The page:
A crummy drop-down menu appeared to kill dozens of mothers in Texas
In the US, the rate of women dying from pregnancy and childbirth is higher than in any other developed country—much, much higher. And we’re bucking the global trend of improving the situation. While the rest of the world largely saw its maternal mortality rates drop by more than a third between 2000 and 2015, the US was one of the few countries that seemed to experience increases in the rate of women dying from pregnancy-related causes.
The state of maternal health in the US is so grim that researchers can’t even get quality data on the deaths. In fact, the country has not published an official maternal mortality rate since 2007 due to the lack of accurate data from individual states. In 2016, a group of researchers didn’t mince words about the situation: “It is an international embarrassment that the United States, since 2007, has not been able to provide a national maternal mortality rate to international data repositories,” the researchers concluded in a study published in the journal Obstetrics & Gynecology.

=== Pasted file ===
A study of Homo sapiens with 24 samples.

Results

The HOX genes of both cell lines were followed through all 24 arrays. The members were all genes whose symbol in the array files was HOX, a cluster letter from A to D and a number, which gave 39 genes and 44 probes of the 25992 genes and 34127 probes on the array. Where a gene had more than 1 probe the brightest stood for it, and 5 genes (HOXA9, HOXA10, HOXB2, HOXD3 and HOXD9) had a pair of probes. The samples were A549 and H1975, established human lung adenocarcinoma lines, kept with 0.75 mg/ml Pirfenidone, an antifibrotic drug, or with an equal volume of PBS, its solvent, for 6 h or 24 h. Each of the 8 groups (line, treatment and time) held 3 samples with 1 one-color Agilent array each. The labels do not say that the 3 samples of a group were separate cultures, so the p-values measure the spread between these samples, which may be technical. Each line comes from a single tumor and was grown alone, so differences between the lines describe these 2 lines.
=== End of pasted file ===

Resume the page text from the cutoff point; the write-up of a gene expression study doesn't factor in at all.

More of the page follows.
Now, a new study in the same journal goes further to highlight just how bad the state of maternal health data is in the US. The study links a dramatic rise in maternal deaths in Texas to errors from a poorly designed drop-down menu in the state’s electronic death records system. While the discovery drags down the state’s stratospheric maternal mortality rate, the corrected numbers are still extremely high for a developed country. Moreover, having to make these types of corrections squanders precious resources, experts note.